A new, 16th generation of the School of Democratic Leadership, organised by the NGO Civic Alliance, officially started at the EU Info Centre on 12 February. The ambassadors of Bulgaria, Norway and the United States officially marked the start of studies for the new intake, which will focus on European integration, especially in the area of the rule of law.
The Bulgarian Ambassador, Mladen Cervenyakov, said that a lot of challenges lie ahead for the European Union and something needs to change.
“But first, we need to figure out what Europe we need. We don’t want Europe at multiple speeds. We do not want the Balkans to remain on the periphery of Europe,” said Chervenyakov.
The US Ambassador, Margaret Ann Uyehara, said that Montenegro has strengthened its democratic institutions, created a more stable environment for foreign investment and continues to be a haven of peace and stability in the region, which is why it deserves to be praised. She stressed the importance of initiatives such as the School of Democratic Leadership.
“I honestly and sincerely believe in investing in the education of the future leaders of this country and that is why your discussions here today are so important. You will have great opportunities to learn more, to exchange viewpoints and to talk about what democracy means for you and how you are going to help to all your colleagues to make this important cultural shift,” said Uyehara.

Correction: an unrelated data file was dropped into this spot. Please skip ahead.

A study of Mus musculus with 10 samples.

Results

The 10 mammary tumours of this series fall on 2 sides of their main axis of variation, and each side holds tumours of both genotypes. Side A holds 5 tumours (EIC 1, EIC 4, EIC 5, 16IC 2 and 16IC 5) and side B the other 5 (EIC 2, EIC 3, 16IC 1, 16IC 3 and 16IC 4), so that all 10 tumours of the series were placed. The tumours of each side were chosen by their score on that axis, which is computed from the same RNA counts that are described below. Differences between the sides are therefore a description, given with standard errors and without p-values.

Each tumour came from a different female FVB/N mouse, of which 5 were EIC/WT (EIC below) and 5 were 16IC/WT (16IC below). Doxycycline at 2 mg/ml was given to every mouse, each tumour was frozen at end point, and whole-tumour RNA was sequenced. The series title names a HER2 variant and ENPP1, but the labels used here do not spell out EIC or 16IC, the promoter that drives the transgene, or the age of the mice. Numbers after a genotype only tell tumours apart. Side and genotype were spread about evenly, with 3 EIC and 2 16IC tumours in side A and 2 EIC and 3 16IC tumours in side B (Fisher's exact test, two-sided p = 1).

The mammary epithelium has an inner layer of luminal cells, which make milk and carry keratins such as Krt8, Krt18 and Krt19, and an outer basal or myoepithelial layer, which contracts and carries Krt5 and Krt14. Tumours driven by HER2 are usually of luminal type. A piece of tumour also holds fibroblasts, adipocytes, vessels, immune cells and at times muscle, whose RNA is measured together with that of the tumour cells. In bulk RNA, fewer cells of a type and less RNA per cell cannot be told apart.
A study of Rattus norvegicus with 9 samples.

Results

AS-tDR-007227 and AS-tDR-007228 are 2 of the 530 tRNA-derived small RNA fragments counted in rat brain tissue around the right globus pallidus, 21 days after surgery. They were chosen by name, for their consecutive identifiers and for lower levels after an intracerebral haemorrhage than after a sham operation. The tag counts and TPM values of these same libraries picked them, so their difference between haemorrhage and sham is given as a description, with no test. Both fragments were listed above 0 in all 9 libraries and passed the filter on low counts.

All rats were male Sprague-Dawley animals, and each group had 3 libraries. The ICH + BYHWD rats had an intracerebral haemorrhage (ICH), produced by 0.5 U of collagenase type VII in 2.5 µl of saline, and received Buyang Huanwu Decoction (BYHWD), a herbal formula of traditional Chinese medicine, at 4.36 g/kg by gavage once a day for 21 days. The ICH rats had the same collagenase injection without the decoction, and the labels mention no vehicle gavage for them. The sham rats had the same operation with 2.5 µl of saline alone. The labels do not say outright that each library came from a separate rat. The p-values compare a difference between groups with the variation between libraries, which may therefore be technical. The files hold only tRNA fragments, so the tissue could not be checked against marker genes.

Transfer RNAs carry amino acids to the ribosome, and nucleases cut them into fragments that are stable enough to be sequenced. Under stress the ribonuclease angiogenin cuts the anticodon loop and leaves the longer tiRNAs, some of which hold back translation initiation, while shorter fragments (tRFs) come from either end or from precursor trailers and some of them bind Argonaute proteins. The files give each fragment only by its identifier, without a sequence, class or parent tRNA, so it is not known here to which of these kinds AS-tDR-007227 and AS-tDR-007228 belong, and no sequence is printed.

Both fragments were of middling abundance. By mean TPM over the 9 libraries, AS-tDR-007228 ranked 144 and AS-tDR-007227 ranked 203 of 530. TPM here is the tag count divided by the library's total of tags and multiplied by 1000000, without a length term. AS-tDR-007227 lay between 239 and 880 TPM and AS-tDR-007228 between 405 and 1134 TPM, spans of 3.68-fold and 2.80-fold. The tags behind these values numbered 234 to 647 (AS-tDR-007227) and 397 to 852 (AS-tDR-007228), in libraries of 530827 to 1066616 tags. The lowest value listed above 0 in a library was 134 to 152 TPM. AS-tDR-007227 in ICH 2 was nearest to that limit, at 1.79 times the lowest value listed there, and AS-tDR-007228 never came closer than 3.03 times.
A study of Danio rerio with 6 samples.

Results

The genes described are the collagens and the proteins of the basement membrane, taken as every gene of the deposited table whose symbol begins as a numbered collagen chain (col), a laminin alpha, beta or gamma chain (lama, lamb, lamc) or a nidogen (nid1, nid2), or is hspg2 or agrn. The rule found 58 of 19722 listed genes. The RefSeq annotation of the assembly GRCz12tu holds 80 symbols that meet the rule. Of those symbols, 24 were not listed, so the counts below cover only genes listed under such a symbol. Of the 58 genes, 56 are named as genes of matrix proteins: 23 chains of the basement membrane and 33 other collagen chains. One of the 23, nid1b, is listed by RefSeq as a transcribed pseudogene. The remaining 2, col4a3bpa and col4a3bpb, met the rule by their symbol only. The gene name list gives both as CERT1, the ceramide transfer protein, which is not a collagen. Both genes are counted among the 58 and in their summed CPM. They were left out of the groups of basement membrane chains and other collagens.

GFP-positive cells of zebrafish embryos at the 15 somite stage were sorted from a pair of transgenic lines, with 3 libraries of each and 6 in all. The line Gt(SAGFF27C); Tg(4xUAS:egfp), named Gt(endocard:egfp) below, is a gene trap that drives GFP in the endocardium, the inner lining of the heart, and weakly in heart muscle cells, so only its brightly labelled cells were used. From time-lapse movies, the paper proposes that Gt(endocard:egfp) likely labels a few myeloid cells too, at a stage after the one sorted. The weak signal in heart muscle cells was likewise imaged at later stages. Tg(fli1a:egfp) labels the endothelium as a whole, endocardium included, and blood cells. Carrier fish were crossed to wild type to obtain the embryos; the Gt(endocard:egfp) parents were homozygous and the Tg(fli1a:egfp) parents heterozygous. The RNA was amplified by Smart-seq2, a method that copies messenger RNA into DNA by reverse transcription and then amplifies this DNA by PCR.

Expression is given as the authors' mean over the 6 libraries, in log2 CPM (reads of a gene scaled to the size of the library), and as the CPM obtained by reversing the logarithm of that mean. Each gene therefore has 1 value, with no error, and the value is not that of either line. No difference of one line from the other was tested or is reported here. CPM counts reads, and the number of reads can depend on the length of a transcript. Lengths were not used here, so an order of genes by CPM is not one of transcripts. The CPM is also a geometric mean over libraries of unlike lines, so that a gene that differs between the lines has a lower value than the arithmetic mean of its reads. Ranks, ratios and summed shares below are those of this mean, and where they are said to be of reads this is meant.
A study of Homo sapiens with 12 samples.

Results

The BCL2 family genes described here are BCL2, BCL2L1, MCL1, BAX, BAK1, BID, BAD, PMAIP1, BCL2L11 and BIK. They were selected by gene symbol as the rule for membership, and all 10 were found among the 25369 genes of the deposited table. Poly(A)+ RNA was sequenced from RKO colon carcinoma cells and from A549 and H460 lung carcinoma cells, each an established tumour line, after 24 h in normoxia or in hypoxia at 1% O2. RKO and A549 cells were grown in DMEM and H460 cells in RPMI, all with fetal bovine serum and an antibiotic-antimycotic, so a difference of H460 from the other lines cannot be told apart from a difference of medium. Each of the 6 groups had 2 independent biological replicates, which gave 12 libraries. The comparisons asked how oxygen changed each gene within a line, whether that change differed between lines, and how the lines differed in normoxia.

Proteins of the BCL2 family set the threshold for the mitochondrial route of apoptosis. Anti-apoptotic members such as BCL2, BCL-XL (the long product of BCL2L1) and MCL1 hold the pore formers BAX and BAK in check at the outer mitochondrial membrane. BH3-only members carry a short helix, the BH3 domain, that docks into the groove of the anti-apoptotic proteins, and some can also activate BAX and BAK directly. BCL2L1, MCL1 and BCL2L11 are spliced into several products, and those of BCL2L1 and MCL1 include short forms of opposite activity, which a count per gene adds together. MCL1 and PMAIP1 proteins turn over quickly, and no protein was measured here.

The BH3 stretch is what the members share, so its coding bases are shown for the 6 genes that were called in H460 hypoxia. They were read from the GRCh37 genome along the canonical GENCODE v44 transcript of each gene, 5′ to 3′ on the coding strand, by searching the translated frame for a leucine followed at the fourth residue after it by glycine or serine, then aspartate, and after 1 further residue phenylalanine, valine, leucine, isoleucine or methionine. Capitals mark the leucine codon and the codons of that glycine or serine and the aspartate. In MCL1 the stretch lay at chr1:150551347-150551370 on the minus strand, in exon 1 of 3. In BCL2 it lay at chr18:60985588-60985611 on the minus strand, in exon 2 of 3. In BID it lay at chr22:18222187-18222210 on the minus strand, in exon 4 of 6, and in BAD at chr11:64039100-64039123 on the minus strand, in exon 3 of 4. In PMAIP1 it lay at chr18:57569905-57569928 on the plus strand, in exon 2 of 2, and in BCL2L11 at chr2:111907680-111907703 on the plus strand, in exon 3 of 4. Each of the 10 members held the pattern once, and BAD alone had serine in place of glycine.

The Ambassador of Norway, Arne Sannes Bjørnstad, explained the Scandinavian model of consensus, as well as the importance of dialogue.
“If I can give you, young leaders and politicians, one piece of advice: try to see the quality in the other side’s argument and, even if you don’t agree with it, try to find common ground, because there is no way to find a common solution without each other. That is the beauty of the European Union; that is the beauty of NATO, because we do work together. And together we are strong, not individually,” said Bjørnstad.
The Programme Director of the Civic Alliance, Boris Raonic, said that this, the 16th generation of the School of Democratic Leadership, will be special because of Montenegro’s specific position in accession negotiations. The mission of this generation of the school will be to help negotiations in Chapters 23 and 24.